State Of The Art: Artist Terry Adkins readdresses (and makes) history

Stephanie Haines, Development Editor

On Friday, acclaimed artist and musician Terry Adkins will perform “Facets” with the Lone Wolf Recital Corps, a group he founded, along with almost a dozen Northwestern students either orating or playing instruments. This event is an addition to the Terry Adkins Recital collection now on display at the Block Museum of Art until March 24.

The performance is a compilation of excerpts from other more extended works Adkins has created in the 30 years of his career, some of which have been revised for this occasion. The performance also corresponds to the exhibit, which consists of modern sculptures, photos and assemblages of metal or unique objects. Adkins stressed, however, that both the art and the music should stand on their own.

“He makes a body of work that would be called a recital even though it’s the artwork,” said Dan Silverstein, senior manager of exhibitions and collections at the Block Museum. “It would revolve around a theme or moment or historical figure in history. These figures Terry deems the Immortals, people he thinks are under-remembered or under-discussed in history and play an important role in history. His performance really activates these ideas.”

Adkins chooses some figures over others because of their unique importance to history that may not be so mainstream.

“They stand out to me because they are outstanding human beings. By their examples I think we realize,” Adkins said. “They show this possibility of achieving a certain kind of greatness not in celebrity necessarily because celebrity is fleeting … I’ll call them the Immortals as chosen by me.”

Although the Northwestern students participating in the upcoming performance might not have achieved Immortal status (yet), Adkins said he enjoys working with them because of their eagerness and open-mindedness.

“That’s something that is hard to come across with seasoned professionals,” Adkins said. “Given a group situation, (students) are a lot easier to work with because they are open. They are more receptive to absorbing new ideas than a seasoned professional. “

Kantara Eva Souffrant, a doctoral student in performance studies and instructor of an undergraduate performance studies course, said two of her students will be performing in Friday’s show, in which she will also be speaking.

“He shows you how to really get a little deeper with whatever you come into contact with, such as ideas and people,” Souffrant said. “He shows history that deserves a second look.”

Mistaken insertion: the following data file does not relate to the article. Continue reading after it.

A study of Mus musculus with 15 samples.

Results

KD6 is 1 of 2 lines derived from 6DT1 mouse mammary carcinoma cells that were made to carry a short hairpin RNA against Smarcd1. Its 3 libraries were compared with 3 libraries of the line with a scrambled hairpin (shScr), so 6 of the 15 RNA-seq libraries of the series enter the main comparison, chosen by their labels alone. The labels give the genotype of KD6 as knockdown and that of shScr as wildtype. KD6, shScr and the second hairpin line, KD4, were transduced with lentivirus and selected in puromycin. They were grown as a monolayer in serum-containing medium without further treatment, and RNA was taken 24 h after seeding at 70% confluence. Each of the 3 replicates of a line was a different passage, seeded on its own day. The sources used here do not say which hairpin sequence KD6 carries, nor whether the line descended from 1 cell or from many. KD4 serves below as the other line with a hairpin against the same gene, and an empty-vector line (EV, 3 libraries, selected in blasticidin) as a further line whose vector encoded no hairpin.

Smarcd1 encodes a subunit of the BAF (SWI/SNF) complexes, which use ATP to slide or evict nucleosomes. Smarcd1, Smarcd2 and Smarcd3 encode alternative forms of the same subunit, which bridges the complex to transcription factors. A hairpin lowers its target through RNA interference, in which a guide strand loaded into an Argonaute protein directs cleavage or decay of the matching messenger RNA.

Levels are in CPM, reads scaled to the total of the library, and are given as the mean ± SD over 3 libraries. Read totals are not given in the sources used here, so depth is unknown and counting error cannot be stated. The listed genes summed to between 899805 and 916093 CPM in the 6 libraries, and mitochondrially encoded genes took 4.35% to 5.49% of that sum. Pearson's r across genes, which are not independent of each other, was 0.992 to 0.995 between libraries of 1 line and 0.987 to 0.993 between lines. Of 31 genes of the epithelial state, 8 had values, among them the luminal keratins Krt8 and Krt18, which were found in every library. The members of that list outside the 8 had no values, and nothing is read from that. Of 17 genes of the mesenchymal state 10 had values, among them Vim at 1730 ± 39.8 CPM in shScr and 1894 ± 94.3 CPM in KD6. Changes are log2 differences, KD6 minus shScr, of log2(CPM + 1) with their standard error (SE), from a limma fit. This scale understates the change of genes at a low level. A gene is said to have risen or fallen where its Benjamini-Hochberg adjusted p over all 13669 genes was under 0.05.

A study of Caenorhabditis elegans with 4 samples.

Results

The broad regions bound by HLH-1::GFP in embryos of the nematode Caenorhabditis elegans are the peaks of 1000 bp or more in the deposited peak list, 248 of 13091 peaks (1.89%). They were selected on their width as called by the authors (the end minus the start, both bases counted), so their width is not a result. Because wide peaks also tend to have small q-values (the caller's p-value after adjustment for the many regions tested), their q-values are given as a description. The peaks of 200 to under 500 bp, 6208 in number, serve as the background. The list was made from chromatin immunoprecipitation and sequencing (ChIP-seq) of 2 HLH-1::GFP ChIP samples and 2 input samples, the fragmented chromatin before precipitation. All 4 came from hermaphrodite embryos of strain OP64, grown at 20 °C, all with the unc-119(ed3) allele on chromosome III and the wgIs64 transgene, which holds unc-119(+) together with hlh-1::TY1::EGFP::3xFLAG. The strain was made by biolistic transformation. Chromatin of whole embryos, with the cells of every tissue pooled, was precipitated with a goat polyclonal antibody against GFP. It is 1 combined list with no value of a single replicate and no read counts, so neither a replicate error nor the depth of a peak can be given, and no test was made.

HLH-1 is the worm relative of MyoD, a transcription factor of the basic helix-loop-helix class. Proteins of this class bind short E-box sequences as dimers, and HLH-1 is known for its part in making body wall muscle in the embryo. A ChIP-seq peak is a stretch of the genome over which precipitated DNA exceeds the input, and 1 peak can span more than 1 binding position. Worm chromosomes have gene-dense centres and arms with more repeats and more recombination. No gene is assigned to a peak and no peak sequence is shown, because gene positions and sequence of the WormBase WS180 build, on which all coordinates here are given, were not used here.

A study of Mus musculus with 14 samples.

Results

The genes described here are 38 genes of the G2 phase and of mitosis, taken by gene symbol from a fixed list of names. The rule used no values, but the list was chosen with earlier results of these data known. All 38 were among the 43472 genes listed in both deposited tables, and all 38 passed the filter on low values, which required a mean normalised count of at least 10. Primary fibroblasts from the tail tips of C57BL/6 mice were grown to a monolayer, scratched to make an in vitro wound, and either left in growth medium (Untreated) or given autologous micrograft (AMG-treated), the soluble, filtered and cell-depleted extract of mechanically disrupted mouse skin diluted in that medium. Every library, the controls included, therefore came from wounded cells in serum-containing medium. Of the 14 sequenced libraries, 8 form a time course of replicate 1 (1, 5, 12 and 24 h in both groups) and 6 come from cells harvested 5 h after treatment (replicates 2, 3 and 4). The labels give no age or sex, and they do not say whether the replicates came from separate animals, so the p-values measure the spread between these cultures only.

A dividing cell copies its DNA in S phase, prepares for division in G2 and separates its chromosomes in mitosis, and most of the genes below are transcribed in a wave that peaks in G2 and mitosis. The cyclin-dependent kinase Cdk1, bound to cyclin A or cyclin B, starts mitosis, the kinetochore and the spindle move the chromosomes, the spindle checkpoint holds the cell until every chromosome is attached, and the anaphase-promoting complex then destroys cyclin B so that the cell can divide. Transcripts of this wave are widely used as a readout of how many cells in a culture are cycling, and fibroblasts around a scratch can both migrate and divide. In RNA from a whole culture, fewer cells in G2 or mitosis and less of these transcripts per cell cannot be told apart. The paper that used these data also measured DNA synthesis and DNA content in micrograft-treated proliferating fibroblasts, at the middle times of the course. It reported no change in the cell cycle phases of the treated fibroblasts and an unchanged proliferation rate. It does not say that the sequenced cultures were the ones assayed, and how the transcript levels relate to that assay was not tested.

While Adkins conducts and plays some woodwinds, some students will play the “akrhaphones,” 18-foot-long trumpets, instruments Adkins said he believes angels will play at the Last Judgment. “RHA” in the word “akrhaphone” stands for the initials of Adkins’ father, to whom the akrhaphones were made to honor when he died in 1995.

Adkins’s talent lies in art and music, particularly that which focuses on “(the) biographies of individuals whose legacies … are worth upholding because of the supra-human dimension of their contributions to the world.” These individuals include W.E.B. Du Bois, Ida B. Wells, John Brown and artists such as Jimi Hendrix and Ludwig van Beethoven. To Adkins, these individuals have left legacies that deserve more attention in the narrative of history.

“I choose to do this rather than to explore the dimensions of my own psychodrama because I feel I am remade each time I go through this immersion and absorption besides my own,” Adkins said.

Location is another factor Adkins considers in his art. He started his John Brown revival in Ohio, in a town where most people do not know that Brown worked a wool business. For a piece on lynchings, Adkins chose Chicago to feature Ida B. Wells’ campaign against these hangings because she wrote and organized meetings there. This time, Adkins integrated the site into performance by incorporating some of the location’s residents, Northwestern students, into the Lone Wolf Recital Corps.

“Northwestern is the local flavor that is making the performance unique,” Silverstein said.

In terms of how other people experience his work, Adkins said he cannot speculate on what his viewers think.

“I cannot speak for how others might experience it,” Adkins said. “My hope is it reaches them on a emotional and intellectual level that is transformative. In other words, having experienced it, they will never be the same again. That’s my ideal hope. But one can never know what to experience. “

By giving due attention to historical figures who deserve more notice, Adkins is simultaneously making his own history. Block Museum director Lisa Corrin said Adkins is the first performance artist to be featured at the museum.

“I think it’s important for our students to understand that art is a window into a perspective to a world different from our own,” Corrin said. “Work like Terry (Adkins)’ raises questions about the nature of our humanity.”